Regarding the Nov. 13 Opinion piece "US needs young allies abroad": I agree with Seth Green's goal and hope he is equally capable of raising awareness in the rest of the world about US opinions. Europe is still trying to figure out what a multilateral approach to their own foreign policy means. At their current pace, it will be sometime in the next decade before they can reach consensus.
In the meantime, detractors from any sort of social order continue to develop plans for destabilization. Do Syria, Turkey, Iran, Kuwait, Saudi Arabia, Jordan, or Israel have any concerns about Saddam, or is he just another benign neighbor? The world community must ask itself if it is waiting for another Sept. 11 or Bali before it will act. Is 11 years too short a time to expect compliance with the UN orders to disarm?
If Europeans are so keen on using diplomacy as the only means to effect change within a country, why were they so eager for the US to carry out war in the Balkans? Have they "cleaned up" after the wars there? Mr. Green should explain that the US is listening to ideas without giving away the power of discernment. Students throughout the world (including in the US) will learn a valuable lesson if they see that, when a party dismisses another's opinions, becoming shriller will not change any minds. It means the arguments weren't convincing. Show us evidence that we are wrong about Saddam Hussein. Then maybe we can find common ground to move forward together.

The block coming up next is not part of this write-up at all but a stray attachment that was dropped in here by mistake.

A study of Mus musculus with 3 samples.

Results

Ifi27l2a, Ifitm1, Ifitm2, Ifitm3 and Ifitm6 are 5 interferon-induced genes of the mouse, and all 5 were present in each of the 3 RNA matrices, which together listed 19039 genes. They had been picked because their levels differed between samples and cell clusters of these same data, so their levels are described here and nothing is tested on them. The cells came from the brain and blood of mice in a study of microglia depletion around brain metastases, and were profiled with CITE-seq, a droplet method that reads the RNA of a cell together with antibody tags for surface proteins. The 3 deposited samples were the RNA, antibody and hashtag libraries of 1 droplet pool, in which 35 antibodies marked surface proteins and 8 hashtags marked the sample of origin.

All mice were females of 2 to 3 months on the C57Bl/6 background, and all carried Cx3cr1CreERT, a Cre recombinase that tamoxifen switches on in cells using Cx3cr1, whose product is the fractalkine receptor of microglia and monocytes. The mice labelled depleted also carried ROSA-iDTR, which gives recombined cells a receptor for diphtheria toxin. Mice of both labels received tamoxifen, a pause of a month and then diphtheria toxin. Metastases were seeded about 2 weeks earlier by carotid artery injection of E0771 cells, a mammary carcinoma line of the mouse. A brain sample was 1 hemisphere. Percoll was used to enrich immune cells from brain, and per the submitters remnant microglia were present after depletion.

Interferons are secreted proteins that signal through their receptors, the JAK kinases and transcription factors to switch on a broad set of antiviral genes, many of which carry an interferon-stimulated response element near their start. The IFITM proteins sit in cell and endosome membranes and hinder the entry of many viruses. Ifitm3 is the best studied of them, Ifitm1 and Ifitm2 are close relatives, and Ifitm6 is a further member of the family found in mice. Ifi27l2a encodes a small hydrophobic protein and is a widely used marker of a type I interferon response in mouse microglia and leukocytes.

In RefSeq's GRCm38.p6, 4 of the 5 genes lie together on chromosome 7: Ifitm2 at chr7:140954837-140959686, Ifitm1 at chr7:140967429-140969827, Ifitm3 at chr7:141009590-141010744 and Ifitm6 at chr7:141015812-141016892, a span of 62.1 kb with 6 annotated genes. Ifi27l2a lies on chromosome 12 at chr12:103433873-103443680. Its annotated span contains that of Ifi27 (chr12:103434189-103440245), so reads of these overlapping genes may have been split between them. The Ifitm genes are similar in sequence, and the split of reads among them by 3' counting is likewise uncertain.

In response to "US needs young allies abroad": Mr. Green ends his article saying, "If Oxford students are some of the world's future leaders, and if they are turned against the US during their impressionable college years, who will join us the next time we need to wage a war on terrorism?" The real question should be: Who will save our European allies next time they need to wage war on terrorism or protect their borders from the hostile forces or insane tyrants their continent seems so good at spawning?
Regarding the Nov. 15 Opinion piece "Reform math education": Thinking and problem solving are undoubtedly important parts of math and necessary components of math education. However, mathematics, no matter how abstruse, has a basis in numbers, and nobody can advance to higher levels of understanding without being friendly with numbers. Unfortunately, this requires memorization and drill; knowing where numbers are on a keyboard is not enough.
This should be common sense. Thorough knowledge of the basics is a necessary foundation of most worthwhile pursuits, and this knowledge can come only from an extended period of conscientious drill. Why should math be any different?
Eric J. Klieber
Cleveland Heights, Ohio
Regarding your Nov. 15 article "A fish story": You evidently accepted the public relations spin from the National Fisheries Institute without questions, celebrating the recovery of Atlantic swordfish. This sounded "fishy," so I visited the Monterey Bay Aquarium website to check the latest status of the seafood. Atlantic swordfish is still on their "avoid" list, which means it is seriously overfished. And the tuna boat "El Dorado" was detained after illegally fishing near the Galapagos Islands. Its catch consisted of only eight tuna and more than 50 dolphins.
Don't trust restaurant owners to tell you the status of fish populations. Be a smart consumer: Do the homework before you buy.